Brick-and-mortar retailers have already experienced considerable resistance against their campaign to have GST imposed on purchases under $1000 from overseas sites, with consumer groups and politicians weighing in against a change to the GST threshold.
The campaign, backed by Myer, David Jones, Harvey Norman, Target, House, Borders, Angus & Robertson among others, began with full-page advertisements in some of the nation's newspapers.
The retailers are concerned that the exemption for foreign sites will disadvantage them and cause thousands of job losses.
Harvey Norman chairman Gerry Harvey said that exemption gives overseas retailers "a free kick".
"Why can't I have the same deal as overseas retailers?" he told ABC Radio.
"I employ people in this country, I do pay taxes, I pay rent, so can I have the same go?"
Harvey said overseas retailers regarded the GST exemption as "manna from heaven".
"You've got stores all over the world thinking 'what a beauty that Australia is'," he said.
"This is a shocker."
Electronic Frontiers Australia chairman Colin Jacobs said he thought the number of jobs said to be endangered by the disparity was likely overblown given that the vast majority of purchases were still done with traditional businesses.
He also thought it far more likely that the high dollar was causing a flight to online, rather than any difference in GST.
Jacobs said he believed that the truth would come out in an inquiry by the Productivity Commission looking into the matter.
The current system was very beneficial for consumers, Jacobs said, adding that any change to impose a lower threshold for GST would "vastly complicate transactions".
He also believed that such a move would be going against the goals of the government's flagship project, the National Broadband Network.
"Part of the vision for the National Broadband Network is that more and more commerce will move online," he said. Any moves that would create a disincentive to move online would hinder that vision, he believed.
"With the NBN on the way, any changes targeted specifically at hindering online shopping should only occur after a lot more study and consultation."
Harvey Norman and Myer previously threatened to open online stores in China to combat the problem.
Online retailer Ruslan Kogan called their bluff and said that if those retailers did so, he would link to their sites on his own site.
Jacobs said the fact that they have not as yet taken that option raised a question about whether the playing field is really as uneven as they claim.
The Electronic Frontiers Australia chairman pointed out that bricks-and-mortar retailers saw online retailers as competition and that anything they say should be seen through that prism.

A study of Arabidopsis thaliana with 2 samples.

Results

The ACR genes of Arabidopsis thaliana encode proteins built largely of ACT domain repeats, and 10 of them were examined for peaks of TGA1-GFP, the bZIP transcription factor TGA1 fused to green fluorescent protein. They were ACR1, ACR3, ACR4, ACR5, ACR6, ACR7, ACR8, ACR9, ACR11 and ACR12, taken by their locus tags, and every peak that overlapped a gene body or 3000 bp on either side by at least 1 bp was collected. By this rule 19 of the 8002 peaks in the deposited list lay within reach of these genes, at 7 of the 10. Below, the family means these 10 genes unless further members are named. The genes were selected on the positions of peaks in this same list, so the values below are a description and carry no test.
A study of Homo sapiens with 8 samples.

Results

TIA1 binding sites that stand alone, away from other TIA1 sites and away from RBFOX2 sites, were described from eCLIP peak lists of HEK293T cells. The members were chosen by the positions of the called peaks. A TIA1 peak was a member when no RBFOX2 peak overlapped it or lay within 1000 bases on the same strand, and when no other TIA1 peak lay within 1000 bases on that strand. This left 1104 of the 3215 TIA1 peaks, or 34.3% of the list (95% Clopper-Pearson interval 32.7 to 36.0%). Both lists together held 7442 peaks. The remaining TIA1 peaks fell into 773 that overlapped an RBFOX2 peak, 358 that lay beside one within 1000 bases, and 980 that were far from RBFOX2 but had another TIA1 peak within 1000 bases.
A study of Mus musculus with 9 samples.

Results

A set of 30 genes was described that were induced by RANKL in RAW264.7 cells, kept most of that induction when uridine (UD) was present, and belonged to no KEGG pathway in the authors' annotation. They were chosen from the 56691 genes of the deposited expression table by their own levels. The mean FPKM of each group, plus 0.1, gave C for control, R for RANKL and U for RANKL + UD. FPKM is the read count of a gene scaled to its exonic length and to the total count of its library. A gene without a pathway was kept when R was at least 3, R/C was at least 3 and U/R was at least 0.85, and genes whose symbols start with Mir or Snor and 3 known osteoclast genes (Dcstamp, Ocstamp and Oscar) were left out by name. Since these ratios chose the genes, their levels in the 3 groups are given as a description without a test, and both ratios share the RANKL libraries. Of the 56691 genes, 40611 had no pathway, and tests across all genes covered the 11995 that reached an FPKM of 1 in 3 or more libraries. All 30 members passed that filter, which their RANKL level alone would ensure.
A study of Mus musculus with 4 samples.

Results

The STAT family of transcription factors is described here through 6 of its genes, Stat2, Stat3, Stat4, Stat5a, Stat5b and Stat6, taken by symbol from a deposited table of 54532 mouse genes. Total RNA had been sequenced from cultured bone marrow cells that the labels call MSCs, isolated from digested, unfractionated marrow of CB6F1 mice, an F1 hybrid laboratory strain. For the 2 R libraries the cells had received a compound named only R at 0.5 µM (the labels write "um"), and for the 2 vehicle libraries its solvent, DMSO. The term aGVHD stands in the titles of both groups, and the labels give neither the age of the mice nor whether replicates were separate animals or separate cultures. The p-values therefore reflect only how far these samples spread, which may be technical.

Consumer advocacy group Choice described the retailers' campaign as an "alarmist red herring" driven by self interest.
"The big chains should recognise that it's their high prices, limited range and poor customer service that increasingly encourages people to use the internet," spokesperson Christopher Zinn said in a statement.
"Consumers are simply chasing the best deal and the best service and often these days that is found online."
Choice used the example of a digital camera (Canon IXUS 1000 HS) available online from Myer for $557.
The same camera could be purchased though an Australian online retailer for $433.50.
Purchasing the camera from Hong Kong through a company with Australia-based sales staff would cost $346.
"Major stores are not being forced by anyone to charge these high prices," Zinn said.
"This debate is about quality of service, competitive pricing and the inability of some retailers to understand the future of internet shopping."
Independent Senator Nick Xenophon said the campaign doesn't acknowledge that small businesses are those most hurt by internet shopping.
"It's extraordinary to hear Myer, David Jones, Harvey Norman and Target all claiming they want a level playing field when ... the extraordinary market power of these very businesses has put enormous pressure on the small business sector," he said in a statement.
"It's like watching Goliath pretend he's David."
Xenophon said the big retailers with their buying power and considerable resources had significant advantage over smaller retailers.
"I would argue if anyone was going to get an exemption from GST on goods under $1000 ... it should only be the small business sector."
Assistant Treasurer Bill Shorten maintained that imposing the GST on every item purchased from overseas is too expensive.
"The cost of compliance would be greater than the tax raised," he said, adding consumers and retailers wanted a considered response from the government, not a knee-jerk reaction.
Shorten said there was no denying Australian retailers were doing it tough in recent times.
"But the GFC [global financial crisis], the high dollar, poor sales before Christmas, I don't think justifies flattening a tax willy-nilly where it hasn't existed before."
Harvey was unimpressed by the argument, accusing Shorten of being out of touch.